European markets ended in the red Tuesday, as investors waited for the outcome of the Federal Reserve's monetary policy decision.
"All we've really seen today is a little bit of unwinding of what we had over the past few days… otherwise not too much going on, in terms of the volumes at least," Geoff Kendrick from Westpac told "European Closing Bell."
Recent bullish economic data has the majority market expecting a quarter-point cut from the Federal Open Market Committee, but there is still a 42 percent chance that the central bank will cut by half a point, according to fed funds futures contracts on the Chicago Board of Trade.
"We tend to feel that, for the most part, the Bernanke Fed has been seen to be a bit more dovish than the market expects," Bear Stearns analysts wrote in a note to Reuters.
"This could mean a 50bp Fed funds cut today although, more likely is a 50bp discount rate cut in our view, which may be a bit more than the consensus anticipates. A 50bp cut in the discount rate may well evoke a positive stock market response."
Other economists stressed economic uncertainties, still running high as the credit crunch failed to ease over the past month.
"It's very difficult to see where we're going and how fast," Rob Carnell, senior economist at ING, told "Worldwide Exchange."
"We've got the same problem with the equity markets, we're in a price discovery mode at the moment," Carnell added.
Money Market Rates Rise
The European Central Bank (ECB) lent 60 billion euros ($88 billion) in three-month funds at an average date of 4.88 percent, the highest since November 2000, in a sign that the tensions in the credit markets continue.
Financial institutions' thirst for liquidity was greater, with 122 banks bidding for more than 105 billion euros worth of financing.
Meanwhile, a measure of German investing morale was at its lowest level in nearly 15 years, based on fears about the health of the U.S. economy and turmoil in financial markets.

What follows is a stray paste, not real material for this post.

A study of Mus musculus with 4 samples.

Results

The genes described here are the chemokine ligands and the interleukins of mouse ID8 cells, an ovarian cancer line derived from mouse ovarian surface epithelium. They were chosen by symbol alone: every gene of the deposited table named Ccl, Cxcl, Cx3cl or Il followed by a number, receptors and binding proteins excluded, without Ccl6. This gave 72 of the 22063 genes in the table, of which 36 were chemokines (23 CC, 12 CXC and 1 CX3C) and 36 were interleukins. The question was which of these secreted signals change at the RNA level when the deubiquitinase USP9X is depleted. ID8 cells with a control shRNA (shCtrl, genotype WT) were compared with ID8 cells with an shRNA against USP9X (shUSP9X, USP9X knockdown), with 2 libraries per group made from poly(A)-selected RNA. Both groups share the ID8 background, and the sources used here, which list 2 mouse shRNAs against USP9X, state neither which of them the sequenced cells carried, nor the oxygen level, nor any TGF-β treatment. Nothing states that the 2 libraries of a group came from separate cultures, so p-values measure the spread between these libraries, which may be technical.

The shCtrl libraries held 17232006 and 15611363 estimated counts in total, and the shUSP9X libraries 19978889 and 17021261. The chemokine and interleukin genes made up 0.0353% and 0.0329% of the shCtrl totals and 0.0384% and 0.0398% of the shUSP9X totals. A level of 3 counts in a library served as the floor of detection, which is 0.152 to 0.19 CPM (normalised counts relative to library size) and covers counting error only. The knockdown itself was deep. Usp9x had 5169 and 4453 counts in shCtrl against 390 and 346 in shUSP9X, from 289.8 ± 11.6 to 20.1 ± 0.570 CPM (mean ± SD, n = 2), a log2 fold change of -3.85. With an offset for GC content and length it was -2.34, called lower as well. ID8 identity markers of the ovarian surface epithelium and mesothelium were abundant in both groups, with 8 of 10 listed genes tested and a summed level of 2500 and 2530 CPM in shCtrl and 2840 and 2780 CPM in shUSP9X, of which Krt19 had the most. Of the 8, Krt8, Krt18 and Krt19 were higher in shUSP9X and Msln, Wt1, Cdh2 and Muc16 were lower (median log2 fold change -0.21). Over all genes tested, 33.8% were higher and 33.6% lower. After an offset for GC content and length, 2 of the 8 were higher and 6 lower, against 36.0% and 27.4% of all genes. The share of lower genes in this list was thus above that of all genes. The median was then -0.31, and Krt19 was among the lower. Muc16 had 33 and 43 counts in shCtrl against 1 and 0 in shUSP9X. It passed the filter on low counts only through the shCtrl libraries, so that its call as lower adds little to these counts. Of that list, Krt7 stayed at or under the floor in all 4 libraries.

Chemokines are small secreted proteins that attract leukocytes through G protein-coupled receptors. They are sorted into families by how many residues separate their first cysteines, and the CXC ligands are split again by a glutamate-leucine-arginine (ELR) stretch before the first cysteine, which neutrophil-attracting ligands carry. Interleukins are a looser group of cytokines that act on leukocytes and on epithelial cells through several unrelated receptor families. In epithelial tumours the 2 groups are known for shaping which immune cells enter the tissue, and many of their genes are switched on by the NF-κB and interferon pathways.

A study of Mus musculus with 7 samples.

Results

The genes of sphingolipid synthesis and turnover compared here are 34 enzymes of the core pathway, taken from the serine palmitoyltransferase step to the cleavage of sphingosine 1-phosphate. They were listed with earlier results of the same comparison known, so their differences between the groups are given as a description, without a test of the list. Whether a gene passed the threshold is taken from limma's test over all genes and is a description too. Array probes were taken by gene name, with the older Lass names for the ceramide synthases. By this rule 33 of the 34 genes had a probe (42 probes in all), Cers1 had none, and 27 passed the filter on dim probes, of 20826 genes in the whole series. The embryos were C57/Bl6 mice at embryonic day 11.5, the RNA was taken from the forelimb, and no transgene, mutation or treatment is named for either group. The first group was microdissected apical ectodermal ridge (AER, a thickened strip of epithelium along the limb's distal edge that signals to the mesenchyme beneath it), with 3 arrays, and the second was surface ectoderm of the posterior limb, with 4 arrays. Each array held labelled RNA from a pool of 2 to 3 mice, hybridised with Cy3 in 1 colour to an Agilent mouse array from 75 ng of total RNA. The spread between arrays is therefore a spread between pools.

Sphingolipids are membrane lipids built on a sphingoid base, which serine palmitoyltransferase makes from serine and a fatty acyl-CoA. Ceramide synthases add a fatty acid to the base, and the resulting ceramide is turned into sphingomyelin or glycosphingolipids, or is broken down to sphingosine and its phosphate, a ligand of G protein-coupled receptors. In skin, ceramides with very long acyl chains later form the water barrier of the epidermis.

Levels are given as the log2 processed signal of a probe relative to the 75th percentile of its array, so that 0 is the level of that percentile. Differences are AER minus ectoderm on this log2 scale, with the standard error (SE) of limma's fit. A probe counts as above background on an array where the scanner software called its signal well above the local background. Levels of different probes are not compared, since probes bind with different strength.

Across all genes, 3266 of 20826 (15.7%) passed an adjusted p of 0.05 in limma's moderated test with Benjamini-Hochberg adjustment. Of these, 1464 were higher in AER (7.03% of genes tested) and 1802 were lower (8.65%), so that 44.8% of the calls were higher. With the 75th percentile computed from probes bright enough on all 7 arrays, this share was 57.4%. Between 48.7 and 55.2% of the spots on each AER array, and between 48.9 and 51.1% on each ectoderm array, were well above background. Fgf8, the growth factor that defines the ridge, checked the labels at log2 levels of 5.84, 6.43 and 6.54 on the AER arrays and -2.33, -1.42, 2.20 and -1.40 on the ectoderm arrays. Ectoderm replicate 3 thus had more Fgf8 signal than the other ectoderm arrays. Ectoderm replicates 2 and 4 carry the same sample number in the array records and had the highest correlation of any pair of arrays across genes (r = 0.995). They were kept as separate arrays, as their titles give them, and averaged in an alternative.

The ZEW research institute said its economic sentiment indicator fell to -37.2 this month -- the lowest since January 1993 -- from -32.5 in November.
The strong euro was finally beginning to take its toll even on high-quality German products, economists said.
"Expectations have worsened this month and this will, together with a strong euro, of course, reduce the chance German exporters have to bring their products abroad," Matthias Kohler, researcher at ZEW, told "Worldwide Exchange."
"At the moment it seems that the economic situation in six months will be worse than right now, but I think it's wrong at this moment to talk about a recession," Kohler added.
Corporate Bright Spots
Shares of Cadbury Schweppes dropped 2.1 percent despite the fact that it expected its candy sales growth in 2007 to be above its target range and also expected to see modest margin improvement for the year.
The maker of Dairy Milk also reiterated its plans to de-merge its U.S. beverage business by the second quarter of 2008.
Shares in Xstrata ended near the top of the FTSE-100 index with a 2.5 percent gain after the Financial Times reported the miner is open to talks with potential suitors.
"I think we're going to see more gains being made in Xstrata," John Meyer, head of research at Fairfax, told "European Closing Bell."
"It's backed by Glencore…they've been very smart traders over the years," Meyer added.
He said the soft metals' prices are likely to soften but emerging markets, like China, India and Brazil, will continue to lead fast growth in demand. Mergers and acquisitions in the mining sector will continue, Meyer predicted.
"We see a new acquisition every few days in the sector," he said.
Zurich's SMI index was slightly lower after the Wall Street Journal reported that Swiss drug maker Novartis' restructuring plan involves job cuts and management reshuffling. Shares of Novartis lost 0.6 percent.
But Swiss Re jumped 2.4 percent after the company said it remained "committed" to its financial services unit, which was the source of a large subprime writedown the previous month and that it would likely speed up its stock buyback program. Shares trimmed earlier gains at the close, finishing 0.4 percent up.